The Department of Trade and Industry is to launch an incentive scheme to support the metal and engineering sector, which has been severely affected by electricity price hikes and slowing demand in the mining sector.

The new incentive was announced by Trade and Industry Minister Rob Davies during his budget vote speech in the National Assembly on Tuesday. He said the incentive would cost R500m this year and is meant to mitigate the effects of the import tariffs on steel on the downstream sector.

The department is particularly concerned about the decline of foundries, which, if allowed to continue, would result in de-industrialisation, and wants to stabilise the sector. The incentive, which will be matched against investments, aims to enhance competitiveness in the whole value chain and will be tied to supplier development, in certain cases.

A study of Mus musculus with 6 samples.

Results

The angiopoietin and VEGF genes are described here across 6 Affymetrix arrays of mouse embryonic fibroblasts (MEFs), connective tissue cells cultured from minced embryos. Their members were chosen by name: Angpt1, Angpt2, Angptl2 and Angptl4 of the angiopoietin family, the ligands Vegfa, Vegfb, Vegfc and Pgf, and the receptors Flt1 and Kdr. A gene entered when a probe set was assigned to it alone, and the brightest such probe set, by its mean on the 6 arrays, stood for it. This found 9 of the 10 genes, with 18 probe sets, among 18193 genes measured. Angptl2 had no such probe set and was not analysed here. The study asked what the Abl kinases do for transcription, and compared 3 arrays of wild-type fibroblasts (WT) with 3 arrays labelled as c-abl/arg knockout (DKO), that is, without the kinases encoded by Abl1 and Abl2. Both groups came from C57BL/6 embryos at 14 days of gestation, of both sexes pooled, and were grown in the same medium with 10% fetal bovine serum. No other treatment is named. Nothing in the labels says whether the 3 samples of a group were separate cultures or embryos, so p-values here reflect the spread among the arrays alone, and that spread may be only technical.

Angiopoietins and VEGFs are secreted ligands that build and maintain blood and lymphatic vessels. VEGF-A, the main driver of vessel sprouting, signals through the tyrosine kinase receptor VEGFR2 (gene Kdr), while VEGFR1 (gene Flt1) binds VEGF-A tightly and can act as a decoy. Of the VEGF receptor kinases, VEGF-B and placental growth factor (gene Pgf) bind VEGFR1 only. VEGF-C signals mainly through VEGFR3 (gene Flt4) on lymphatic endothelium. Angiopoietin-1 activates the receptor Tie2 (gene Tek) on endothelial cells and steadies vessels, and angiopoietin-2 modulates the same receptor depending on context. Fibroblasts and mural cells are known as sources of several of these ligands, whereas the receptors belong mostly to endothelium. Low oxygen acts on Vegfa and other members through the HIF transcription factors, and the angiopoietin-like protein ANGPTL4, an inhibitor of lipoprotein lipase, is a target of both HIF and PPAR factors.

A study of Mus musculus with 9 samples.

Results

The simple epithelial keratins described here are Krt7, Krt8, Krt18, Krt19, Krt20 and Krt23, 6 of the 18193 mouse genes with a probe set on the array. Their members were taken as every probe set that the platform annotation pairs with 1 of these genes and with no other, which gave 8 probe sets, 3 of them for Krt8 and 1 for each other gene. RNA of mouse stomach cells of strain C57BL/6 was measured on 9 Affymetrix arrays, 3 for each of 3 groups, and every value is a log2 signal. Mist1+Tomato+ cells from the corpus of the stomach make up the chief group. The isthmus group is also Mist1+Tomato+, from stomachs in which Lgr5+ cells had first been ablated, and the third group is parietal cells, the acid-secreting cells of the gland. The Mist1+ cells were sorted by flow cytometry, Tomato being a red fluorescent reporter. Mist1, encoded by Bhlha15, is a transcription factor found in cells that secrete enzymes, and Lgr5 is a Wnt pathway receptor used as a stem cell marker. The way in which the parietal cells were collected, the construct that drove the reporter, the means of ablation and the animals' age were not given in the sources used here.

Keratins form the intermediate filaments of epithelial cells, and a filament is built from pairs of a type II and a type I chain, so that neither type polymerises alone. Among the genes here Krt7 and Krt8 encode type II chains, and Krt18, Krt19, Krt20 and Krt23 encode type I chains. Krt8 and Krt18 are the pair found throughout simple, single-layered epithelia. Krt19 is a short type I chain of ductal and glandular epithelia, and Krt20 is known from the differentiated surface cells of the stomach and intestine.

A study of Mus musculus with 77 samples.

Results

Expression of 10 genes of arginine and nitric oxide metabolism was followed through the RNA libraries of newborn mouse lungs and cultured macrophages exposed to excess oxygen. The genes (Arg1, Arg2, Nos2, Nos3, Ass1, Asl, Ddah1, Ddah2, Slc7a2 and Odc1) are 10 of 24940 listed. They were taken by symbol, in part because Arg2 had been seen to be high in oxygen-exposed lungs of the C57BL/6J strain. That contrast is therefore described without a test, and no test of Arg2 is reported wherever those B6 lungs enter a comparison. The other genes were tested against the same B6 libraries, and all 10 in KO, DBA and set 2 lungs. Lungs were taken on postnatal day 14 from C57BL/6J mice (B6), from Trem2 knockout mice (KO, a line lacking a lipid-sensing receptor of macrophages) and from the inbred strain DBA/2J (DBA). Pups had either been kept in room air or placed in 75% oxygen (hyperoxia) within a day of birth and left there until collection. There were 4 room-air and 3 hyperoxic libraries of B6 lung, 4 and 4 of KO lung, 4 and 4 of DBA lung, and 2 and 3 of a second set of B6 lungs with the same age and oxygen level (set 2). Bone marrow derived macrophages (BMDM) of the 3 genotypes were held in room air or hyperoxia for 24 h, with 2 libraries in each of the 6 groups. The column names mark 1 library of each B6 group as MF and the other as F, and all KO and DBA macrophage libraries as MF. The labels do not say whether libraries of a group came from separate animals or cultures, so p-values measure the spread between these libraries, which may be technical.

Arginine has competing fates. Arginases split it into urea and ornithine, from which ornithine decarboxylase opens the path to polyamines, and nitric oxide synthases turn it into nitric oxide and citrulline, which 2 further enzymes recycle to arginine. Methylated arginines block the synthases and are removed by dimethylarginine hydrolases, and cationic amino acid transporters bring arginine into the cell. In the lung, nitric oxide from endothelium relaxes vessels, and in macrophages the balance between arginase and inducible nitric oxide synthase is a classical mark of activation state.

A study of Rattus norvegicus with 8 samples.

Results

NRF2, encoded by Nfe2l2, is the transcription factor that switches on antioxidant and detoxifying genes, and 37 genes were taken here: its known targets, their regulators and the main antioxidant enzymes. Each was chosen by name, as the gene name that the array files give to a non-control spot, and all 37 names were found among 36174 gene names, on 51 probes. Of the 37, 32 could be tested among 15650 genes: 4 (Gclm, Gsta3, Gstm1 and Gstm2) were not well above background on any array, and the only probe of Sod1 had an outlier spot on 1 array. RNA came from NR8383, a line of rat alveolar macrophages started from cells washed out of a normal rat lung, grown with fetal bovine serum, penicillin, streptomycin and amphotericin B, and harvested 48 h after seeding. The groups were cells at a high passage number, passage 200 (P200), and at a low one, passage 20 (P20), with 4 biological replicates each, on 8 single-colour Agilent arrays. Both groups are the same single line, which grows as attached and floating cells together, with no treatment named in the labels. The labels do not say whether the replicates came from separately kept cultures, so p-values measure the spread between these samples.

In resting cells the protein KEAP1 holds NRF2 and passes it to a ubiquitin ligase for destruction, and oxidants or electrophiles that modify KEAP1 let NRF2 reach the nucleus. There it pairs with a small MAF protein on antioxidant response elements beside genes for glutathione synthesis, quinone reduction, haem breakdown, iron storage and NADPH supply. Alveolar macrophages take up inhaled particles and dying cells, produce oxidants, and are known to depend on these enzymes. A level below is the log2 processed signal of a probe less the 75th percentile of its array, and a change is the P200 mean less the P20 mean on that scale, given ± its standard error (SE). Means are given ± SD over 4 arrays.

"As we have shown with our clothing and textiles programme, judicious use of incentives and other industrial policy tools can stabilise sectors in distress and position these for growth," the minister said in his speech, adding that the incentive was very significant.

Davies explained during a media briefing ahead of his speech that the government had been forced to protect steel producer ArcelorMittal with import tariffs to preserve local steel production in the face of a global steel glut.

If SA’s biggest steel producer had closed down, it would have had knock-on effects on the downstream sector and resulted in job losses. However, the tariff increases had had a negative knock-on effect on the downstream metals sector; the incentive is intended to support the downstream industry.